Selling Out Isn't Always Selling Out


What is ‘Selling Out’?
The term selling out generally refers to someonesellout_fan who compromises on their morals, values, or goals in order to receive fame, power, or money. In the music world this term is widely used and abused by fans and critics when a group or artist does anything from change their sound a little to putting their song on a toothpaste ad. The term has been so overused that it’s hard to find a successful act who hasn’t been accused of ‘selling out’. So is selling out really selling out?

A Viable Product

Sometimes a group or artist change their sound in order to create a more viable product. No matter how you look at it, groups and artists are retailers. Their songs are the products, performances are the services, and their name, look, and image are their brand. The more attractive their products, services, and brand are, the more earning power they have. Many people reading this are probably already shaking their heads saying that just talking about earning power is proof that these groups or artists are selling out, but don’t we all have to do or sell something in order to live and eat? Am I a sell out to give up on the dream of lazing around on the couch watching tv all day if I go out and get a job so I don’t starve?


A great example of creating earning power by catering to clients is the restaurant business. Just compare the following examples.

Cooking Pot

Chef #1

Chef #1 realizes that his friends and family love his recipes that are a mix of Ethiopian and Mexican food, so he decides to open a restaurant based on his recipes. Chef #1 soon finds out that few people share his family and friend’s taste in his eclectic mix of Ethiopian and Mexican cuisines so his restaurant doesn’t do very well and barely stays in business for a while. He keeps advertising and marketing and offers coupons, but the restaurant never makes much of a profit and eventually goes out of business.

Chef #2

Chef #2 realizes that her friends and family love her recipes that are a mix of Irish and Italian food, so she decides to open a restaurant based on her recipes. Chef #2 soon finds out that few people share her family and friend’s taste in her eclectic mix of Irish and Italian cuisines so her restaurant doesn’t do very well. She decides to do some market research by asking her customers what they liked and didn’t like about her restaurant. She decides to make some small and some big changes to the recipes, name, and atmosphere of her restaurant. Chef #2 eventually ends up with an Italian restaurant with a little bit of an Irish twist and it is a huge success.

idea-light-bulbBusiness Genius or Sell Out

The funny thing is that in the above examples Chef #1 would be called a failure and Chef #2 would be praised as a business genius. But if these were musicians instead of chefs, #1 would be an artistic rock and #2 would be a sell out. Why? Aren’t musicians and artists trying to do the same thing as chefs, create something enjoyable and artistic while make a comfortable living from doing what they enjoy.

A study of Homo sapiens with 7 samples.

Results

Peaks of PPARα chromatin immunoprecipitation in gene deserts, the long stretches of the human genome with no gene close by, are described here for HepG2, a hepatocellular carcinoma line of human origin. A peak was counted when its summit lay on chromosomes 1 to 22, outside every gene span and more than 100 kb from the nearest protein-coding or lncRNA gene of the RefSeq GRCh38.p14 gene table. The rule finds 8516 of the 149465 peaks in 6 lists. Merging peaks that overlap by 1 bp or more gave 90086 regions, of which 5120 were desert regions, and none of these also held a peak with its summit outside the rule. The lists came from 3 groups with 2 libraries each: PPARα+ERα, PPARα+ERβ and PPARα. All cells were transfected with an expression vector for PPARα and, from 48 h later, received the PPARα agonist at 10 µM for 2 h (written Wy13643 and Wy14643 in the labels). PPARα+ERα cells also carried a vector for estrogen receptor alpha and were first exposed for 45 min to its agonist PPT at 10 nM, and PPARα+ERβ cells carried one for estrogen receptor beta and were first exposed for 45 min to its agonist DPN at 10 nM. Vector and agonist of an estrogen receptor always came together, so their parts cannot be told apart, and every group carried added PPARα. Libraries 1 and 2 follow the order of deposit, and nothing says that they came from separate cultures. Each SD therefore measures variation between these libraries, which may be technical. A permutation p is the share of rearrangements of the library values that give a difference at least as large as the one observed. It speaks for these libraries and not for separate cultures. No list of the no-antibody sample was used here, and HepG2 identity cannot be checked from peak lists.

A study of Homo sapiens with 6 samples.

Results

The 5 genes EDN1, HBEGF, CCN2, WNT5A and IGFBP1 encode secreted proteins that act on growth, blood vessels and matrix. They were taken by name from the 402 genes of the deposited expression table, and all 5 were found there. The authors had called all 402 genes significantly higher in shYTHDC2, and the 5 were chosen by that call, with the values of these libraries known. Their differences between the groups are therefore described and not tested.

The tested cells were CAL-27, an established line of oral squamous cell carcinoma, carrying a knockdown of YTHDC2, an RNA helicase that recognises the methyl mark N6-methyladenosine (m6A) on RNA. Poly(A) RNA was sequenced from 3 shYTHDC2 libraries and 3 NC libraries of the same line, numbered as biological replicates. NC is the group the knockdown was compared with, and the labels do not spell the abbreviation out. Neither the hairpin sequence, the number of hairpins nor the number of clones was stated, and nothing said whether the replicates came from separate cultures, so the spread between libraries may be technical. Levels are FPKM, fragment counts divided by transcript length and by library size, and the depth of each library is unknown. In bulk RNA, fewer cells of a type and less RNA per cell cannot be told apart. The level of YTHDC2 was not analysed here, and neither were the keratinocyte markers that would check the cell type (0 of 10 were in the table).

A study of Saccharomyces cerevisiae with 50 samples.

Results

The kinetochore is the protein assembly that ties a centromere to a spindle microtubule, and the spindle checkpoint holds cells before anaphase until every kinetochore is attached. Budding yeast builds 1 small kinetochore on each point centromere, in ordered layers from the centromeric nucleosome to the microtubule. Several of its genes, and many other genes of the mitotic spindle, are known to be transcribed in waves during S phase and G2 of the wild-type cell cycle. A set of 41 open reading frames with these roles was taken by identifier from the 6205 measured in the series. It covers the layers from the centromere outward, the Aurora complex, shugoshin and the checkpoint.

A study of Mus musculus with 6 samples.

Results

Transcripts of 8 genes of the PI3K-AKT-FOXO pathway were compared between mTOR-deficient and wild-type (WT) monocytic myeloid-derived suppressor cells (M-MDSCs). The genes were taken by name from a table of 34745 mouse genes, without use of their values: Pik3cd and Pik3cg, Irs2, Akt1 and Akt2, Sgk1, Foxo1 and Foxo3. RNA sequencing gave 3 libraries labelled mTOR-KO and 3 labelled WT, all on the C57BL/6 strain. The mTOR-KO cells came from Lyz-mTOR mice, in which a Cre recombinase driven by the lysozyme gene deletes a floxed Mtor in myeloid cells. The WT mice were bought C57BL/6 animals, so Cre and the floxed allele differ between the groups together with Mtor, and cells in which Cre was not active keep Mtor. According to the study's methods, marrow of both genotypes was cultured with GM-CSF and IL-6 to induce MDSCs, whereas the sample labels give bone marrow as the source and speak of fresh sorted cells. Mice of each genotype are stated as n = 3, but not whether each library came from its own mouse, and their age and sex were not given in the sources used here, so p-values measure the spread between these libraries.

Music Is Business

Popular music is called ‘popular’ for a reason. It’s music that a large percentage of people like. Popular music caters to what the market (or listeners) like to listen to and buy. If people don’t like it they won’t buy it The artist will not make any money, and will essentially ‘go out of business’ just like a restaurant that makes food that people don’t want to eat.

'Sell Out' Album by 60s Rock Band 'The Who' - The inside features satirical images about selling out.
‘Sell Out’ Album by 60s Rock Band ‘The Who’ – The inside features satirical images about selling out.
So is ‘selling out’ really ‘selling out’ or is it just being smart enough to create a product that you can earn a living from. Is the guy who loves playing video games a ‘sell out’ for going out and getting a job rather than staying true to his dream of sitting on the couch playing video games all his life? This sounds ridiculous but isn’t it the same thing? Aren’t we all sell outs for accepting reality and going out to get jobs rather than staying true to our childhood dreams to be a prince or princess? So why is the musician so criticized who faces reality and realizes that if they want to eat, they will have to play or create music that a large number of people like and are willing to pay for?
Waynes World Sell OutA Different Animal
Now there are other genres and types of music where the composers and artists stay true to their art and don’t sell out. These genres include opera, avante guarde, and art music. Most of this music is subsidized by wealthy benefactors who want the music to stay true to the art. The sad reality is that these genres would simply not be profitable without these benefactors because they lack popularity with the majority of the listening public. The irony comes when fans demands that a popular artist or group stay true to their sound without offering to be the wealthy benefactor to make it possible. The artist or group is then left with two options, ‘sell out’ according to their fans by catering and marketing their music to a larger audience, or stay completely true to their art (pleasing their small dedicated fan base) which will ultimately lead to a lack of profits and failure.